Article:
Danish researchers advise how to make breast milk taste like banana milkshake.
Nursing mothers were today shown how to produce the human equivalent of a banana milk shake from their breasts. It seems all they have to do is munch a banana an hour or less before feeding time. They can give their milk other flavours the same way.
In tests carried out, women were able to make their milk taste of menthol, caraway seed and liquorice, as well as banana. The researchers believe the rich variety of flavours in breast milk may prime a child to try new foods later in life , as previous studies suggested that what a mother ate could affect the taste preferences of her baby. This is not a bad idea, it will turn the babies into more adventurous adults in food tastes later in life.
Infants of mothers who drank carrot juice during pregnancy or breastfeeding seemed to particularly enjoy carrot-flavoured cereal.
The University of Copenhagen researchers investigated how flavours could be transferred from food to breast milk. This is how the research was conducted – a total of 18 milk-producing mothers were asked to swallow capsules containing the same flavour compounds found in caraway seeds, menthol, banana and liquorice. Tests were then conducted at regular intervals they showed that it took varying amounts of time for the flavours to appear in their breast milk.
While concentrations of caraway and liquorice compounds peaked after two hours, banana could only be detected in breast milk for the first hour after consumption.
Menthol remained in breast milk at relatively stable levels for between two and eight hours.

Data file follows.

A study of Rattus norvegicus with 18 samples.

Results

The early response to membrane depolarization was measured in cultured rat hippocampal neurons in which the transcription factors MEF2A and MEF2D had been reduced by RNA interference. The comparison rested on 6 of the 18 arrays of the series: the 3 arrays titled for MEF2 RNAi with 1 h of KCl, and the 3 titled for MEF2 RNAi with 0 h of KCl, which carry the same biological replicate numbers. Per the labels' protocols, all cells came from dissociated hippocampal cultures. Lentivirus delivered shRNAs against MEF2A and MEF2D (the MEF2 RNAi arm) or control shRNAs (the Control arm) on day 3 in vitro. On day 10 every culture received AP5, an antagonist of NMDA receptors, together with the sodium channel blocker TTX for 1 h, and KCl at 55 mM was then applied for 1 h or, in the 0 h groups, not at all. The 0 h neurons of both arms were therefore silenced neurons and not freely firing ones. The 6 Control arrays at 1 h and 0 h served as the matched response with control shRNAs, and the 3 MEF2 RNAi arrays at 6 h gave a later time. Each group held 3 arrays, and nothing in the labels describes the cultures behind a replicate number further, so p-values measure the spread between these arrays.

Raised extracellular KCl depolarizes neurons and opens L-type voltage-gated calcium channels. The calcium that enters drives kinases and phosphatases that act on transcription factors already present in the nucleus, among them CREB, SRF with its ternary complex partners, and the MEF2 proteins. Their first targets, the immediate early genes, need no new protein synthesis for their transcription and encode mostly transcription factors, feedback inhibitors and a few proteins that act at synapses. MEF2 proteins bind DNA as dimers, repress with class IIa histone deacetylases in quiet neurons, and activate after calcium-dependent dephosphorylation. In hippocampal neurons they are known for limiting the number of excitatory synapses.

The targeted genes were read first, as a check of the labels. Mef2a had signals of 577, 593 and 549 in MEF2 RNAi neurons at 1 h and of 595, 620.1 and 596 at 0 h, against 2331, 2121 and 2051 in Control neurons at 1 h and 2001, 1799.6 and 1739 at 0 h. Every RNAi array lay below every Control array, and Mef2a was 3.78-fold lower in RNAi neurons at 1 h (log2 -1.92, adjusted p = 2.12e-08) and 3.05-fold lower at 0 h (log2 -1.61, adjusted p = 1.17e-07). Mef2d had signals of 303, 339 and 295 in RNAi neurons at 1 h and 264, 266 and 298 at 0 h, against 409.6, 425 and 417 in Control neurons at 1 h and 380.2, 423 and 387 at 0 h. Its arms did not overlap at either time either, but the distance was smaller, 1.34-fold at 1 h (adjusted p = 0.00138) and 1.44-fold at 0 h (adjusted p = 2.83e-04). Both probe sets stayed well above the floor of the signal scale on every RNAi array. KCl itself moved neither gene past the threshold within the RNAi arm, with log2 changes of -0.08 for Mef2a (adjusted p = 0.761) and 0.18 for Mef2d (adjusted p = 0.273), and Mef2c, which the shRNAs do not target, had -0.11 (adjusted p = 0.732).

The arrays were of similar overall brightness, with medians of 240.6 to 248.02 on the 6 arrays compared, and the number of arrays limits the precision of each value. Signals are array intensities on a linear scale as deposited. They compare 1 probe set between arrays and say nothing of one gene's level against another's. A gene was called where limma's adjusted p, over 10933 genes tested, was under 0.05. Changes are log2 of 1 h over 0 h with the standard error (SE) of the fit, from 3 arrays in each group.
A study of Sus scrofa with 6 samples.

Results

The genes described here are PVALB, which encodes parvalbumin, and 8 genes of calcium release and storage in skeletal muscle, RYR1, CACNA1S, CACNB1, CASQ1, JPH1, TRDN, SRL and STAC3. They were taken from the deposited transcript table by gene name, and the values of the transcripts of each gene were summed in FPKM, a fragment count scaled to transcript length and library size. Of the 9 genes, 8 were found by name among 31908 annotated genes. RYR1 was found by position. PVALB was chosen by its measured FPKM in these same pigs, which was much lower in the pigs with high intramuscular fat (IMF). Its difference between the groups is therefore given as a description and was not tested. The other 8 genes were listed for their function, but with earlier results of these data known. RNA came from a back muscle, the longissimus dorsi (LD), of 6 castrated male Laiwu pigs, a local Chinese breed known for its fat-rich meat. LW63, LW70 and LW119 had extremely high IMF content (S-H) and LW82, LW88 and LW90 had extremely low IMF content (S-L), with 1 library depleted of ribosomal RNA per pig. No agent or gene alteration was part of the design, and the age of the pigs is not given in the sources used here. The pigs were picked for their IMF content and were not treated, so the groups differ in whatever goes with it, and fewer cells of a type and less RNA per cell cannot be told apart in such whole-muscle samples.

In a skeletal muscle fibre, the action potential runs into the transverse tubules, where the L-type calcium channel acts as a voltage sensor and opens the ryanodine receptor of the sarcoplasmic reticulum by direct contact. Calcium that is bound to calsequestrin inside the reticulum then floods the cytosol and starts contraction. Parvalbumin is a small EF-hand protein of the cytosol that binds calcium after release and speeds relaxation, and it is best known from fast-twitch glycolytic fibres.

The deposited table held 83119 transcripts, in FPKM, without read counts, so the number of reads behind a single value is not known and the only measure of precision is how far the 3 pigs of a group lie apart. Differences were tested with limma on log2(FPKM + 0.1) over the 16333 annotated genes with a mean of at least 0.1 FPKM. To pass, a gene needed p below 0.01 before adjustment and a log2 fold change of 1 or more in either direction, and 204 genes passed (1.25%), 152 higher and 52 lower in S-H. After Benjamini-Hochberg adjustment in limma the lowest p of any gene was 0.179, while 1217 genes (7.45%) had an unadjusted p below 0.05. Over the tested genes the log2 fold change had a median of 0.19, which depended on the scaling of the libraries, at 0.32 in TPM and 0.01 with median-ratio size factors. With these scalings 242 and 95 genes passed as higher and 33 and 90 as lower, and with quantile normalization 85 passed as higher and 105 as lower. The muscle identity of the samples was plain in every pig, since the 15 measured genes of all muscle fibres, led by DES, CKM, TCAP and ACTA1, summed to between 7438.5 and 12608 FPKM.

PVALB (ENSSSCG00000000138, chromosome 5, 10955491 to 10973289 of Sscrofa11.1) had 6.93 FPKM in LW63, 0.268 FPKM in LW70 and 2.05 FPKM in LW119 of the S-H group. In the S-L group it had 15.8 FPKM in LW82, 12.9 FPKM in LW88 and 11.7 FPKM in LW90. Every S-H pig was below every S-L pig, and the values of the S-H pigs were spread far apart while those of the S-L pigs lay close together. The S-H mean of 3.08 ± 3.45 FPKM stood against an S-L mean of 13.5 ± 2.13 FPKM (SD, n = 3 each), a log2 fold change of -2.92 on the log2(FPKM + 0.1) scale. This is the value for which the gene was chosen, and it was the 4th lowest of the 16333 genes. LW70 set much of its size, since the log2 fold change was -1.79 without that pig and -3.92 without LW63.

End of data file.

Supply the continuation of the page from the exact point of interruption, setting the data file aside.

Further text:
After eight hours, all four flavours had disappeared from the mothers’ breast milk.
Study leader Helene Hausner told New Scientist magazine: “It’s not like if the mother eats apple pie the baby thinks ‘mmmm, apple pie’, but it may make them more accepting of the flavour of other foods.
“Breastfeeding may prepare the infant for flavour changes and new experiences when they start to eat solid foods.”
Gill Rapley, a UK nurse with more than 20 years experience specialising in post-natal care, said the findings could have practical implications for mothers worried about why their babies are refusing to feed.
“Mothers often talk about whether something in their milk may have upset their baby, but within eight hours most flavours will be gone,” she said.
This certainly is an interesting study. It should give the babies more varieties in taste and will make life more interesting for them, at least, as far as, food is concerned. There is only one way to test the validity of this finding, nursing mothers, please verify for new mothers.